KIMBERLING CITY — A special meeting was held Wednesday night in Kimberling City for a presentation of the Kimberling City Tourism Development Program and the draft comprehensive plan by representatives and students from Missouri State University.
“There was a need for Kimberling City to establish a tourism identity for itself to encourage tourism for the area,” said Table Rock Lake Chamber of Commerce CEO Dave Liebenow. “That was one of the challenges they faced in the program, and I though they did a good job in their presentation.”
The project was tackled by two different classes at the university, each handling a different aspect.
“This was just a very quick overview of these suggested programs,” said director of the Center for Resource Planning and Management Diane May.
“There is much more information and details that we simply didn’t have time to go into tonight. We put in a lot of work on this.”
These students looked at everything from sewage and water treatment to potential activity centers and landscaping throughout the city.
“We’re not trying to recreate the wheel, or replace everything the town has,” May said. “The intent of the comprehensive plan is to provide you with a guide on how you can get to the vision you all want.”
While the comprehensive plan dealt with housing, public works, transportation, the possibility for a new water system and other city entities, much of the presentation was dedicated to the tourism plan.
“Our plan was to come up with some tourism development ideas,” said Geotourism Coordinator for Missouri State University Linnea Iantria.
“What we needed to do was establish a clear tourist identity. Kimberling City means something to you, but from a tourist perspective, there is no clear idea.”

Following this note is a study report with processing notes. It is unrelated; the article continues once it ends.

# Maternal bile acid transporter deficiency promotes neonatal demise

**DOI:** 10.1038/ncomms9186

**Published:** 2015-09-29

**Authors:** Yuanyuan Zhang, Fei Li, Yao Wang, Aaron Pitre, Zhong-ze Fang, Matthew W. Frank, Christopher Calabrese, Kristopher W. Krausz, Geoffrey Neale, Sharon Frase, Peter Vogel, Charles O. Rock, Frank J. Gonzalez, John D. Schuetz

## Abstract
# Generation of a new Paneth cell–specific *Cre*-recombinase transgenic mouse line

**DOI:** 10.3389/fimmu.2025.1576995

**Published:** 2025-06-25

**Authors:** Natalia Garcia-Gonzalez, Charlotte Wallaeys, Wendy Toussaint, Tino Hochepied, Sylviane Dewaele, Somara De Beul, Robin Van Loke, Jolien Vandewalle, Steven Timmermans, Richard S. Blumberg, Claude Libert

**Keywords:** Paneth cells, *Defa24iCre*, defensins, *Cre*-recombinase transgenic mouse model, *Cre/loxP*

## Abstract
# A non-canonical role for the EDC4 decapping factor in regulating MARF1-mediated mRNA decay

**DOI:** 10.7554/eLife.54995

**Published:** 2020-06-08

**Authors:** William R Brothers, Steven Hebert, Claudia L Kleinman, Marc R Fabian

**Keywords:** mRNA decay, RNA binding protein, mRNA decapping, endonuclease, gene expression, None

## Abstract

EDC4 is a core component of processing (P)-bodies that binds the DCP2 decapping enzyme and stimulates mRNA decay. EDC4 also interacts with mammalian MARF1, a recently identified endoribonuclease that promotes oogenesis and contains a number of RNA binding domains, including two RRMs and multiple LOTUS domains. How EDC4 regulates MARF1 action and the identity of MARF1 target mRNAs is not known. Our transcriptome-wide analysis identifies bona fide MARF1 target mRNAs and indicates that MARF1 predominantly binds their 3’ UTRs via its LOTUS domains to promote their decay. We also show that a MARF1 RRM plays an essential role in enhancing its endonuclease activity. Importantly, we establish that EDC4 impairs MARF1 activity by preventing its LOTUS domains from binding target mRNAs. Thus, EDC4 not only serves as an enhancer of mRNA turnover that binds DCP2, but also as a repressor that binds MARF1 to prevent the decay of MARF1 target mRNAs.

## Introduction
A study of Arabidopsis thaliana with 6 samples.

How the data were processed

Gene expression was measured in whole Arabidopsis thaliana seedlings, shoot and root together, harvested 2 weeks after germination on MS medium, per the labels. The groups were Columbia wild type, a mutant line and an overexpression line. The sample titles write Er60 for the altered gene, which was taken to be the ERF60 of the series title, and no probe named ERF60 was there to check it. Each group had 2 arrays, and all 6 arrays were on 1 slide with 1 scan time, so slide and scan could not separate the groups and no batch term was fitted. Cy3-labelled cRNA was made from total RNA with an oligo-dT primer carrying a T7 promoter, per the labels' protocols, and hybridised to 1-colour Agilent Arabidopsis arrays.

Iantria the addressed the need for a new city logo. The current logo prominently features the Kimberling City Bridge.
“The bridge shows that you’re connecting one side of the lake to the other,” Iantria said.
“This logo is basically telling me to come on through and not really telling me to stop,” she said.
According to Iantria, business owners and residents of Kimberling City should embrace the tourist market in the area.
“Understand the financial benefit that tourism provides and understand your tourism assets and how best to capitalize on them,” Iantria said. “There are some great things going over here and I don’t think the town is taking advantage of them.”
The presentation included ways to add more events and attractions, a plan to market Kimberling City lodging to outside areas, several ideas to make the lake a larger part of the tourist draw, as well as plans for a potential yacht club.
“Some of this is pure fantasy, but you have to start somewhere,” Iantria said.
Many of the suggestions made in the presentation echoed a study done last year by several students from Drury University.
“There were a lot of common threads and suggestions there,” Liebenow said. “Those may be the things that get a good look.”
Iantria, and May both agree that the time for action is now.
“The city needs to control how tourism develops over time,” Iantria said. “Rather than the community being controlled by tourism outside the community vision.”
While these plans and ideas were shown to the public, there is no current timetable as to what, if anything, will come to fruition.
“We are still looking at the detailed recommendations and I will be working this more as well,” May said. “We’ll hopefully come out for the next planning commission meeting to go through things. There are things we just need more input on.”
Liebenow sees the information and suggestions as a good foundation for moving the city forward.